A lot of motorists don’t realize that fatigue affects cognitive function, judgement, and reaction time in much the same way that alcohol does. As such, those who would never even consider getting behind the wheel after sipping a single cocktail don’t think twice about driving after being awake for 18 consecutive hours.
Unfortunately, doing so is like operating a vehicle with a BAC of 0.05. What’s more, those who have been awake for 24 hours straight function about as well as people with a BAC of 0.10, which is higher than the legal limit of 0.08.
If you were hurt in a wreck caused by a drowsy driver, you probably have grounds for legal action. In order to recover a payout, though, you’re going to have to prove that they were to blame for the crash.
Generally speaking, that means convincing the insurance adjuster the motorist had nodded off behind the wheel. Evidence that may help you do so includes:
1. Eyewitness Testimony
Because it can be unreliable, eyewitness testimony is not considered irrefutable evidence of fault; however, statements from other motorists, their passengers, or pedestrians who were in the vicinity at the time of the accident can corroborate your own testimony. This, in turn, will boost your credibility in the eyes of the insurer.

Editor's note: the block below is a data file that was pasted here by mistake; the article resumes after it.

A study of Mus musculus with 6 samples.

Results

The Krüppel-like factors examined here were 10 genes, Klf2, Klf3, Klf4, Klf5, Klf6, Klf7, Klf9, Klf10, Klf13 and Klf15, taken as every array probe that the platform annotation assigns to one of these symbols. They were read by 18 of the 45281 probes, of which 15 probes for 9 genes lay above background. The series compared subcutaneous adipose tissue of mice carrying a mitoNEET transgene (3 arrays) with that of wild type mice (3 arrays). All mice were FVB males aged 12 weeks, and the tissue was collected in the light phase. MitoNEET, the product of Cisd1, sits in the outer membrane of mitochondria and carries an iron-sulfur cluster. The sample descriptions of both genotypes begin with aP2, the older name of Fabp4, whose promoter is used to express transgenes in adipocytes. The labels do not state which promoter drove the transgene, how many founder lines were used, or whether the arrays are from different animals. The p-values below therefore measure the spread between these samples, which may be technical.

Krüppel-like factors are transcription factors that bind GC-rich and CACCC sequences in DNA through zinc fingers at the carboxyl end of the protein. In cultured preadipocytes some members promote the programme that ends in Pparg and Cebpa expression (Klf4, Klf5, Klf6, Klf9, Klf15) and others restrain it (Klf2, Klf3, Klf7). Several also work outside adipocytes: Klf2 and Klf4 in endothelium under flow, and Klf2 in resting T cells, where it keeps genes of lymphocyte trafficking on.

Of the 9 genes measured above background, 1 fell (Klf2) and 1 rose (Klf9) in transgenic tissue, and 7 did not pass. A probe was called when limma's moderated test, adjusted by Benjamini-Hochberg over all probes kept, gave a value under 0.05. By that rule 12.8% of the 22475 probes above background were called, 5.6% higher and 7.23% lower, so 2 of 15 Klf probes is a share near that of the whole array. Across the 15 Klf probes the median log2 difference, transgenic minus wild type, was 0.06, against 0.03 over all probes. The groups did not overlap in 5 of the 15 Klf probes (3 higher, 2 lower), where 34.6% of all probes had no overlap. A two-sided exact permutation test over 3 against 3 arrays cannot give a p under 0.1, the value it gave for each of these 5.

2. Black Box Data
Unless the other motorist was driving an incredibly old vehicle, there’s a good chance it was equipped with an event data recorder (EDR). Often called “black boxes,” EDRs log a host of operational variables, from speed to brake application to seat belt usage.
If the data from the day in question indicates that the motorist did not make any evasive maneuvers to avoid the collision—for example, if they didn’t even slam the brakes at the last second—you can use it to support your claim that they had fallen asleep behind the wheel.
The black box data will also let you know how long the motorist had been on the road. If they were in the middle of a fairly long trip, for example, you might be able to use that information to demonstrate that they were most likely drowsy by the time their path crossed with yours.
3. The Official Police Report
The report drafted by officers who responded to the scene may contain critical details that bolster your claim. For example, if police suspected the driver who struck you was nodding off, they should have made a note of it in their report.
There’s also a chance the responding officers obtained a confession from the motorist admitting to fatigue. Therefore, your legal team will want to review this document closely before commencing their investigation.
Speak with a Jackson Car Accident Attorney
At Brown Bass & Jeter, PLLC, we have the knowledge, resources, and experience needed to conduct investigations that yield concrete evidence of liability and damages. If you were hurt in a wreck, get the full force of the firm backing your every move, so you can pursue the maximum payout possible. To schedule a free initial consultation with a car accident lawyer in Jackson, submit the Contact Form on our website or call 601-487-8448.